February 16, 2009
FTA: Prepare Now for Federal Grant Funds
Regardless of the final outcome of the American Recovery and Reinvestment Act, two facts are clear: There will be stimulus money for public transportation, and there will be an imperative to move quickly: Award money quickly, hire people quickly, implement projects quickly.
To help transit agencies and other stakeholders prepare in advance, the Federal Transit Administration has posted detailed information on its web site.
Historically, transit agencies work through three sequential steps in their federal funding applications: planning, procurement, and internal processing. Because of the urgency behind this stimulus funding – and the intent to require grantees to begin work within the first 90 days of award – those historical, traditional approaches can no longer apply.
Instead, APTA and the FTA are urging agencies to “Get Ready NOW,” which means working on all three steps – planning, procurement, and board processing – simultaneously, in parallel, and immediately.
Need for Concurrent Preparatory Actions
For the planning effort, an agency should work through its Metropolitan Planning Organization (or through states where there is no MPO) to have its project placed on the Transportation Improvement Program (TIP) or Statewide Transportation Improvement Program (STIP). Concurrently, procurement officers should begin lining up sources, issuing procurement bid documents subject to the availability of funds.
At the same time, policy boards should begin their internal processing. Each board should provide direction to staff, dispensing pre-approval to the extent it can, as far ahead of time as possible, and it should plan to be ready to move as soon as the money is available. That means that boards must begin developing their processes concurrently with their planners and procurement personnel about what will be required to move a project forward. Since each board is uniquely local, with its own set of parameters and rules, it is recommended that boards be prepared to call an emergency meeting should the agency receive an award well before the next meeting is scheduled.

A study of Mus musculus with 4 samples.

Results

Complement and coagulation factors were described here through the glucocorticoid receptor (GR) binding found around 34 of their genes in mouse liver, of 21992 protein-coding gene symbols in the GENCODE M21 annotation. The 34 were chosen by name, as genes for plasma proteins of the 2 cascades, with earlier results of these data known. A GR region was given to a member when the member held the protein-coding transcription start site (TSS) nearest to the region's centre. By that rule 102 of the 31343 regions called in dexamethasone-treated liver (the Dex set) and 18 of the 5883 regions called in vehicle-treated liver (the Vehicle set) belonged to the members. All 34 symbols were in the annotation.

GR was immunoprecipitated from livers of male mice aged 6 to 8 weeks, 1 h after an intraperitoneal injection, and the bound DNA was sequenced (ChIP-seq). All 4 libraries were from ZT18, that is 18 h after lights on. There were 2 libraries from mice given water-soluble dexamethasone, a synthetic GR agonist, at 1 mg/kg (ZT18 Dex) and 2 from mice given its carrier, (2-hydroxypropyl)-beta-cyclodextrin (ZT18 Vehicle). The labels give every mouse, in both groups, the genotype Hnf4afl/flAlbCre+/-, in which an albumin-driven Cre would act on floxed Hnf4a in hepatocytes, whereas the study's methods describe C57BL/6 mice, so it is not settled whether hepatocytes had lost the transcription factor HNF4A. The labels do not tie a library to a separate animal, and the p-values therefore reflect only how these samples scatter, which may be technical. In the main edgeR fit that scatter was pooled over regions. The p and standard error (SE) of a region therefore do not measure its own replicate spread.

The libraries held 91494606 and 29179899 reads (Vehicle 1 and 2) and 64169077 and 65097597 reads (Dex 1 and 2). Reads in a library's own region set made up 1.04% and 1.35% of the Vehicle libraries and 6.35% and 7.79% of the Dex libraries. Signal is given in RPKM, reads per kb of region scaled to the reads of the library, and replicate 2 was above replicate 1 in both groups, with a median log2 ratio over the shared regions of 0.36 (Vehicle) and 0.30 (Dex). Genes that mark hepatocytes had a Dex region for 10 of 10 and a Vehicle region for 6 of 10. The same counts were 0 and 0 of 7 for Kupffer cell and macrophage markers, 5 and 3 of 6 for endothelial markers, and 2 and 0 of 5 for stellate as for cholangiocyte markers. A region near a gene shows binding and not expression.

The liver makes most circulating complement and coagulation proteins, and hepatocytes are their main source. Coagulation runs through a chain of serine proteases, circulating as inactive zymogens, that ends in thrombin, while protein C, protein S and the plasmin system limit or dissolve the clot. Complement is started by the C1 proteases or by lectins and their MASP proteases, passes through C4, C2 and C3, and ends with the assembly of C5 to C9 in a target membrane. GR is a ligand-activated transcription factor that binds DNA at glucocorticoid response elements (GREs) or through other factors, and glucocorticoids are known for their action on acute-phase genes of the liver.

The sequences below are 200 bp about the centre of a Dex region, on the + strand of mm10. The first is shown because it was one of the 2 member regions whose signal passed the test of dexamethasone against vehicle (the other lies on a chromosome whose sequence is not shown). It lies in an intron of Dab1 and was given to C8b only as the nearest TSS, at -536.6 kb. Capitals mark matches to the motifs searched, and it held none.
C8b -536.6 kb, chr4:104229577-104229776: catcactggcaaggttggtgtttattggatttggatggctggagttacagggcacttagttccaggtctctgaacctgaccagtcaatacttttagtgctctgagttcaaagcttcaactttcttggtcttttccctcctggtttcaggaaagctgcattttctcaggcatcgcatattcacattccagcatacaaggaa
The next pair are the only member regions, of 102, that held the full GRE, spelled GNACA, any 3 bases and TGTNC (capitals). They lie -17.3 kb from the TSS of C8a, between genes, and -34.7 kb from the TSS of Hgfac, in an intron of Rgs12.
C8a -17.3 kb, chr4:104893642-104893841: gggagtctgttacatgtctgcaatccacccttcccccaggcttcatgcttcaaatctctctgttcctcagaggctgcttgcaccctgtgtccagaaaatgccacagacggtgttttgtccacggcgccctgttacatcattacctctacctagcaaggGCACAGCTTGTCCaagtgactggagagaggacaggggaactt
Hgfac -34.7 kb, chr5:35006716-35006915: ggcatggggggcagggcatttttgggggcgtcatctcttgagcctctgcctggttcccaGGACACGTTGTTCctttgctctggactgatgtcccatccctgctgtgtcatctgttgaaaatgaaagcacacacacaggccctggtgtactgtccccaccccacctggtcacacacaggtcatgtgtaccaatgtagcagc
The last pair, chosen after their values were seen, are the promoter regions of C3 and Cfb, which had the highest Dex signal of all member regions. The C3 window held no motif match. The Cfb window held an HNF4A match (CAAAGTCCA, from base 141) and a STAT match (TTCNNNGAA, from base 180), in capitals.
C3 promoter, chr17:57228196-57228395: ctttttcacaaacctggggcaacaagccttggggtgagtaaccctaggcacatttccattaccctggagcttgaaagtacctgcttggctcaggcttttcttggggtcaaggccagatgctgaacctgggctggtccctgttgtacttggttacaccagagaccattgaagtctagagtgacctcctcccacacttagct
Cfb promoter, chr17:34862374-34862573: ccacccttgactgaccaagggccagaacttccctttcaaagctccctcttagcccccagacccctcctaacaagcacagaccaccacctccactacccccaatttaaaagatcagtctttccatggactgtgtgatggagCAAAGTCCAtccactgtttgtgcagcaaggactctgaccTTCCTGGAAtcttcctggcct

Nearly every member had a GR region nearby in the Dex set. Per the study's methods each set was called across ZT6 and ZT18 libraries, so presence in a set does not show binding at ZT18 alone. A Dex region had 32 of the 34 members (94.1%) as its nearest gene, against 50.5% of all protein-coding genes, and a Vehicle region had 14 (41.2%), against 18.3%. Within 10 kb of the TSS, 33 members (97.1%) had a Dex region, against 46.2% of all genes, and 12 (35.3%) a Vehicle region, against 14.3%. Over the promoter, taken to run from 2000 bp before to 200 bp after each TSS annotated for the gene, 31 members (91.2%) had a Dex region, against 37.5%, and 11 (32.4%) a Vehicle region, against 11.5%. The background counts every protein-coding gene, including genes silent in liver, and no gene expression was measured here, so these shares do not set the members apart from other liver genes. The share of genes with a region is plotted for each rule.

Environmental requirements that apply to projects – the National Environmental Policy Act (NEPA) and Section 4f of the Department of Transportation Act, among others – must be met. But with the focus on speed, however, it is unlikely that any agency could obtain a Record of Decision in a timely fashion. So agencies should consider prioritizing projects that have completed or nearly completed NEPA or that qualify as categorical exclusions. To the extent that other environmental requirements apply and have not been satisfied, prospective grantees should consult with managers of affected resources at the earliest opportunity.
FTA—Working on Your Behalf
FTA is committed to updating the industry on how best to respond successfully to the stimulus infrastructure monies that will become available. The question-and-answer section of its web site includes its interpretations of the various provisions of the pending bills, and will be monitored to ensure that it provides information based on the most current version of the legislation.